Wednesday, November 22, 2017

Beef, Sauerkraut and Mango Chutney Goulash

This is a slow cooker Goulash with a Tropical twist, hence the addition of my homemade Mango Chutney, and why not? There is no standard Goulash recipe.  I have called this recipe a Goulash because by one definition it is a thick meat stew, first made by Hungarian cattle herders and stockmen. The Hungarians call it gulyas, meaning herdsman. Although Goulash is traditionally attributed to the Hungarians, the versatile ingredients of the goulash have evolved over the years in various caountries. Paprika, now considered as one of the basic ingredients,  wasn't introduced to the Old World until the 16th Century. Sauerkraut and sour cream are often used instead of potatoes as a side dish, although potatoes can be good as a thickening agent instead of flour, and tomatoes only started to be added in the twentieth century. Garlic, caraway seed (which is in my homemade Sauerkraut), capsicum and wine are also considered  to  be optional ingredients in a goulash. Experiment with ingredients, and if you like it a bit hot and spicy, add some chilli paste. The variations are endless.

The wet and much cooler weather which we are experiencing at present brings out the best in me in the kitchen and I was in the mood for comfort food and some experimenting. I started with  my  basic Beef stew recipe, however I went a little bit more upmarket as I decided to brown off the meat and deglaze the pan with red wine, the correct and most flavoursome way of making a Beef Stew and went from there. A delicious Goulash evolved.


1.5-2 kg beef chuck or blade steak, cut into large cubes
2 chopped onions, I used one red and one brown (2 brown would be fine)
2 French shallots from my garden (optional)
3/4 cup dry red wine
2 tablespoons Mango Chutney, for recipe click here
1 cup Sauerkraut (I used my basic Sauerkraut recipe which has Caraway seeds in it)
2 tablespoons plain flour
2 tablespoons olive oil
5 fresh ripe Roma tomatoes or 1x400g can  tomatoes
1 cup beef stock
2 tablespoons chopped oregano
2 bay leaves
1/4 cup chopped Italian parsley for serving
2 chopped carrots
3 stalks of finely chopped celery

Let's cook:

Chop the beef into large cubes no smaller than 3 cm in size. Toss them in flour seasoned with salt and pepper, and coat well. Add 2 teaspoons of paprika to the flour if you wish, for a traditional Goulash.

Heat 1 tablespoon of oil in a stainless steel or cast iron frying pan and fry in small batches until browned on both sides. Add more oil if necessary. Transfer the meat to a plate when browned.

Add the rest of the oil to the pan and lightly saute the onions until softened. Add the onions to the bowl of your slow cooker.

Deglaze the pan with the red wine, scraping all of the bits from base as the wine simmers. Add the tomatoes, stock, oregano, mango chutney and bay leaves.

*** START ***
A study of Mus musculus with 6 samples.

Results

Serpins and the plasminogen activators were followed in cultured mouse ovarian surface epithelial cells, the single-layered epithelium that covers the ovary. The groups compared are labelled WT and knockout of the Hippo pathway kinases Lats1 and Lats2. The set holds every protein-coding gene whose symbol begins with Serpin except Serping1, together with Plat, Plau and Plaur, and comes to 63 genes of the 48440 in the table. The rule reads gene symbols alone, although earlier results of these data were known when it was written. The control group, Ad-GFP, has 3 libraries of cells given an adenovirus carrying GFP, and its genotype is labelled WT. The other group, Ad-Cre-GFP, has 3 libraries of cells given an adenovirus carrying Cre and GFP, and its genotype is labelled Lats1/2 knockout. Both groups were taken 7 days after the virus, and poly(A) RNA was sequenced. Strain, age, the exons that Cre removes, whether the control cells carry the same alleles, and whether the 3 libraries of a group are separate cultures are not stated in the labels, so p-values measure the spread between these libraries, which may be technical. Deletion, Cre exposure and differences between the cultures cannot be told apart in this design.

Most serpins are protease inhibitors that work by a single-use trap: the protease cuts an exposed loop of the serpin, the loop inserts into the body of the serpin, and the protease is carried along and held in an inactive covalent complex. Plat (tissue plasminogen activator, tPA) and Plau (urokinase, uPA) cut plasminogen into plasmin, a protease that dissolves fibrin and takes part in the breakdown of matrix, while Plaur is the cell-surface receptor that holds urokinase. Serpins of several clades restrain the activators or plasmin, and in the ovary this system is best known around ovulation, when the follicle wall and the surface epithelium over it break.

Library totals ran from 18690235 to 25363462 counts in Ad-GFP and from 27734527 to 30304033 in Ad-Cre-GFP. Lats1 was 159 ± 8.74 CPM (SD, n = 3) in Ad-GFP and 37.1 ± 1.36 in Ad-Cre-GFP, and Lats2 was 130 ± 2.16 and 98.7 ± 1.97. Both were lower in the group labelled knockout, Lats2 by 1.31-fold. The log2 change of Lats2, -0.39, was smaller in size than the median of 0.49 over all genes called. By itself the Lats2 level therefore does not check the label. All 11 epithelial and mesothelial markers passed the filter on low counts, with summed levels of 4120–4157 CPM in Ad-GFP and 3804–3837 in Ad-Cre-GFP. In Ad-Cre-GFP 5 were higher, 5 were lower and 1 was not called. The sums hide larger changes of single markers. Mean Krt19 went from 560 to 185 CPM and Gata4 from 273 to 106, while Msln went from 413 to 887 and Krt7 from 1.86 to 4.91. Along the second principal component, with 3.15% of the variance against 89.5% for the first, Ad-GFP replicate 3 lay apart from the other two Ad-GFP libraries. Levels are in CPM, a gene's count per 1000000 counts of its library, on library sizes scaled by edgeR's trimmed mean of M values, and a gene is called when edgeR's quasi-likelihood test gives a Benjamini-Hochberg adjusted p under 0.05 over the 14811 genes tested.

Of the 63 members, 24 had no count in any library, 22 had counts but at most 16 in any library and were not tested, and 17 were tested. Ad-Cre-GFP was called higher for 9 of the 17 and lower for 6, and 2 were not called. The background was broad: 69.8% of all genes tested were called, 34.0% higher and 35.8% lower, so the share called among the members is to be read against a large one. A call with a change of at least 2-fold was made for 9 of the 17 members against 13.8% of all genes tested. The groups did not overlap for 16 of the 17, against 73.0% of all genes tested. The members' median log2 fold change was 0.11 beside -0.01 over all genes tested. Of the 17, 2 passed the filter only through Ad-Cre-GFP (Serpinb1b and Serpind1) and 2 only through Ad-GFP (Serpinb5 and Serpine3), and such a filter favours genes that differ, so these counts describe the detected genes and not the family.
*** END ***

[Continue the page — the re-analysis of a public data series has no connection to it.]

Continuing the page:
Transfer this mixture, and the sauerkraut to the slow cooker. Add the meat and stir everything to combine,  and cook on high for 3 hours depending on your slow cooker, or on slow for 6 hours. Cooking this dish in a casserole in the oven is also possible. Just press a piece of baking paper over the contents and cover with the lid. Cook in the oven undisturbed, for 1 1/2 hours. Taste it and add more seasoning if necessary. Check if the meat is tender and cook for a bit longer if necessary.

 For an authentic Hungarian, Polish and Eastern European experience, if we have friends over for dinner, I would serve with chopped parsley, and a bowl of yoghurt, some sliced pickled dill cucumbers, and some dill potatoes.  My lovely Polish friend Irena would enjoy this.

(However, this recipe is very versatile, and can also be served simply at home with elbow pasta, beans, salad, mashed potato or green vegetables. Or just with sourdough toast to mop up the juices, for an easy Sunday night dinner. This is how Mr. HRK loves to eat it, he reckons that by Sunday night we have eaten enough vegetables during the week. Use whatever you have on hand and enjoy eating.)

Another quick sauerkraut idea:

A great advantage of cooking from scratch in my kitchen is that my refrigerator holds a wide variety of chutneys, pickles, jams and sauerkraut, sometimes in half full bottles. Talking of experimenting, we have discovered that we enjoy the tropical taste sensation of grilled cheese on homemade sourdough toast with  hidden layers of lightly spread homemade mango chutney and homemade sauerkraut, and with mashed banana spread straight onto the toast as a base, it is a brunch to die for. Do you think that is a weird combination? Give it a try and I think you will enjoy it. Let me know.

Best wishes



  1. What an interesting recipe, Pauline. Also the last one with sauerkraut and mashed banana sounds like quite the combination :-) I will have to try it.

    1. Did you ever try this Chel? Haven't heard from you for a while. Are you ok?

  2. Oh this Goulash looks so delicious.
    Sauerkraut and mashed banana? I have to try it! :)

  3. Wow this sounds ridiculously good Pauline! I like its versatility too :D

    1. I was just checking this recipe to make it again and saw I hadn't replied to your comment in 2017:) I just don't know how that happened. Thanks anyway Lorraine.